State Senator John Polk of Hattiesburg would like to raise expectations for anyone receiving public assistance of any kind. Specifically, he’s proposing stiff requirements for random drug testing and mandatory community service for people on the dole.
The senator deserves the benefit of doubt regarding his intentions to help, not hurt, public assistance recipients, so let’s give it to him. At the same time, I would urge Mr. Polk to pay close attention to the possible, indeed likely, unintended negative consequences of his proposed policies. There are at least three:
- Cost to taxpayers – Drug testing in particular is an expensive proposition. Is self-funding of a testing program through public assistance savings realistic?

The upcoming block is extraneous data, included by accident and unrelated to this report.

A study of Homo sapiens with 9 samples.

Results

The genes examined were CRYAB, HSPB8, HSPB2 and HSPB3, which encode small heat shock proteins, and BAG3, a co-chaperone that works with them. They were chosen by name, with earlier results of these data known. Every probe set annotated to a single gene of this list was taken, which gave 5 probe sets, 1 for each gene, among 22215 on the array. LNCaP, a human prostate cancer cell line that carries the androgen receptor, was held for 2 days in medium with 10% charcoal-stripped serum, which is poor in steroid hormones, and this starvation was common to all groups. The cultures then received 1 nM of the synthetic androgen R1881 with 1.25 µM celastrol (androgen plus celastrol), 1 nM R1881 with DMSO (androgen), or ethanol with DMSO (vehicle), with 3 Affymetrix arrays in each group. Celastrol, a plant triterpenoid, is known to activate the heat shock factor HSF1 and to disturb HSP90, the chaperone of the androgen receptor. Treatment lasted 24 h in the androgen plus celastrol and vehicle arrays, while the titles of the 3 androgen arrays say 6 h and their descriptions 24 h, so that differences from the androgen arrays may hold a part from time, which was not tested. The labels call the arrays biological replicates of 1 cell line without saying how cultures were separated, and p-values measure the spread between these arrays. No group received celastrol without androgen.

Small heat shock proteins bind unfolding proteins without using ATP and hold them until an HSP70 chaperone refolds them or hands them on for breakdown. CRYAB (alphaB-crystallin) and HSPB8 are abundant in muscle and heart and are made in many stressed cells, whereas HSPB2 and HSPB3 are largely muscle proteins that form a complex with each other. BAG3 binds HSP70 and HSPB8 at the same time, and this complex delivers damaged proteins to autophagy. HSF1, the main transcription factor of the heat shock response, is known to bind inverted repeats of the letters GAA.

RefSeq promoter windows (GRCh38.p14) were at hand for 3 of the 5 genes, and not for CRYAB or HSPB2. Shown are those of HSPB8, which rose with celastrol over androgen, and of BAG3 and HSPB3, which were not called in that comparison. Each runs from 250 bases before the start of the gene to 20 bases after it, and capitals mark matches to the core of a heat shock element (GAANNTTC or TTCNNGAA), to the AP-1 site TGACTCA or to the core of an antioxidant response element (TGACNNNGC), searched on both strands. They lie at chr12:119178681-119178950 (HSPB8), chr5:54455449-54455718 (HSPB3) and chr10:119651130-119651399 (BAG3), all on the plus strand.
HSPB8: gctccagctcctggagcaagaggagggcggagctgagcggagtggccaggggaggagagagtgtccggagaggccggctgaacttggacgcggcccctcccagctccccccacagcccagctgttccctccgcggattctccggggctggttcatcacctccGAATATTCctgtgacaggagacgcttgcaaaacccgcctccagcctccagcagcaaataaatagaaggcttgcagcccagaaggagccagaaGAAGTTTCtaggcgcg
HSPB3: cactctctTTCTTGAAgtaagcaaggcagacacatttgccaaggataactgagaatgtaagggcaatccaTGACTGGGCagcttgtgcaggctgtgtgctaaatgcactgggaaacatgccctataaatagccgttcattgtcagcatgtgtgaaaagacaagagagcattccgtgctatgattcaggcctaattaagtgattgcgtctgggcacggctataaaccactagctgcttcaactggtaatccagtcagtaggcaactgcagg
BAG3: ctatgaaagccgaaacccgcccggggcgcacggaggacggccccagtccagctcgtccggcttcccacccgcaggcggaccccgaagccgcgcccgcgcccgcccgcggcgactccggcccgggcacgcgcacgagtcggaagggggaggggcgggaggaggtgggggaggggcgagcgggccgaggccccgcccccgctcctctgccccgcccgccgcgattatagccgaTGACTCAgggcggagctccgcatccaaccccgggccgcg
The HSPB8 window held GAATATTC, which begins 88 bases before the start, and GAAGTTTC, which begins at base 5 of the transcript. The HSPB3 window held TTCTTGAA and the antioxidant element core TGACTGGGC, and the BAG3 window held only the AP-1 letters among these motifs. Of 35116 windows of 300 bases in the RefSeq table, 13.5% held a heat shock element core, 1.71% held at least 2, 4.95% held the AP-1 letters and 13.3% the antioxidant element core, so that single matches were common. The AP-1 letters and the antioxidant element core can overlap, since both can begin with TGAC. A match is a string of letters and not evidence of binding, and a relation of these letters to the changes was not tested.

- Regulatory expansion – The new requirements wouldn’t execute themselves. In addition to oversight of a testing program, who will manage referrals of recipients to community service agencies? And what happens when problems develop, disputes and appeals need to be resolved, and so on? Making it all work means government growth, something Republicans generally abhor.
- Misplaced blame – Programs like drug-testing and mandatory work typically lump together “worthy” and “unworthy” poor, and skate dangerously close to the thin ice of “blaming the victim.” Are people on assistance because they want to be, or because high unemployment rates, poor health, mental illness, or some other damaging life circumstance makes subsistence living their only option?
A far better investment of scarce state resources, it seems, would be enhanced case management services by professional social workers that could weed out malingerers and the “professionally poor” who defraud the system, while providing skilled support to those who genuinely need (and deserve, I would argue) a “hand up,” as well as a “handout.”